Tuesday, January 06, 2009

The Cripple of Inishmaan

[First published in Show Business Weekly]

Martin McDonagh’s bleak The Cripple of Inishmaan doesn’t offer much hope, but it provides lots of laughs. Francis O’Connor’s set and costumes strip comfort down to functionality and Garry Hynes wisely follows McDonagh’s slow pacing to the letter. These choices preserve the exciting dullness of Inishmaan and its commiserating community.

Kate and Eileen (Marie Mullen and Dearbhla Molloy) operate a rundown shop, selling canned goods—“mostly peas”—in a lonely corner of the already lonely Irish island, circa 1934. Their only joy comes from caring for poor crippled Billy (Aaron Monaghan), just as the unscrupulous gossip, JohnnyPateenMike (David Pearse), lives only for newsworthy feuds. Here, emotions are buried under gruff veneers as a survival mechanism: BabbyBobby (Andrew Connolly) calls himself “a hard character” and Helen (Kerry Condon) lashes out, for she knows what happens to people like her dim brother, Bartley (Laurence Kinlan), who take things at face value.

Billy is a funhouse mirror to these people—he reflects their softness back at them, which permits The Cripple of Inishmaan to transcend the farcical The Lieutenant of Inishmore (a play that often drowned its dark humor in darker action). However, Billy is restless. He spends his time cow-watching not because he’s slow, but because his intelligence depresses him—he knows that he’ll never kiss a girl, especially one as fiery as Helen. Given the chance, he chases the American dream to Hollywood, leaving a hole in the hearts of those who “don’t mind being stuck with him” (Inishmaan for “love”).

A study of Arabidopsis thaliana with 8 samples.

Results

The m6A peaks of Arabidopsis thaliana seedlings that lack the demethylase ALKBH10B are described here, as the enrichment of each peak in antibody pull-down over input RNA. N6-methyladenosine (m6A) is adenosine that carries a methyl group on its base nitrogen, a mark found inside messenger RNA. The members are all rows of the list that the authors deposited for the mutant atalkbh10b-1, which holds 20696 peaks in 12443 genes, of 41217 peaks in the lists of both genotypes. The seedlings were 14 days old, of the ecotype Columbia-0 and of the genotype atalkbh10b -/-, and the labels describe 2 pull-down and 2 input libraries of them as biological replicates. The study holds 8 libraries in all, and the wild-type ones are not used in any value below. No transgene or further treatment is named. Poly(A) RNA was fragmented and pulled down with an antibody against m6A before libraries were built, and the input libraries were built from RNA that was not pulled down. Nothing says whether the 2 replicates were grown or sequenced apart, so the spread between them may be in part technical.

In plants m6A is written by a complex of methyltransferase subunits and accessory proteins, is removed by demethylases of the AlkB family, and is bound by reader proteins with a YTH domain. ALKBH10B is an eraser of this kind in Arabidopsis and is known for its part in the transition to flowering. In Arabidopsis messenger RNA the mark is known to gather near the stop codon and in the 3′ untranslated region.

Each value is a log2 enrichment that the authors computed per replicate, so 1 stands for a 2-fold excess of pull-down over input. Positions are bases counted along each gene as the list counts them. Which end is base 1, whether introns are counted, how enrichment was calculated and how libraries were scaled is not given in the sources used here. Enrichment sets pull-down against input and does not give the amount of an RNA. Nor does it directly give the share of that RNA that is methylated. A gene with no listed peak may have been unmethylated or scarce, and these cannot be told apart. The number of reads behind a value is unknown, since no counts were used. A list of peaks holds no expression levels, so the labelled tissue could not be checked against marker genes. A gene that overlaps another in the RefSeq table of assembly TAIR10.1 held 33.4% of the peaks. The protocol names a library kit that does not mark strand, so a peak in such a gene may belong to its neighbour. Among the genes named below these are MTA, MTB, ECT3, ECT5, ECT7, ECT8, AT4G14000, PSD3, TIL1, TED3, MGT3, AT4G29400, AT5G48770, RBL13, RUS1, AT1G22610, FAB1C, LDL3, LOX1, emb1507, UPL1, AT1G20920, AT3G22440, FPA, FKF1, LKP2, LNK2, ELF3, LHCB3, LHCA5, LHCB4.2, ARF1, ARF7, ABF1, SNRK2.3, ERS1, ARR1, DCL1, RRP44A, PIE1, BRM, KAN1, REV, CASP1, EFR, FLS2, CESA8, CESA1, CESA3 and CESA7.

Life goes on, and Hynes’s minimalist staging and Davy Cunningham’s grim lighting maximize the effect of the slow-boiling comic naturalism. When the town assembles to watch The Man of Aran, their casual banter meets the Hollywood distortion of Irish life: their seated solemnity is far richer and livelier than any film’s illusions (“It was a tall fella in a grey donkey jacket,” says Helen of the shark). This is a cruel comedy, but the high quality of Druid Theatre’s production—from Monaghan’s physical control to Mullen and Molloy’s comic timing—helps us reach the little kindnesses (and cruel necessities) that so vividly come to those who wait.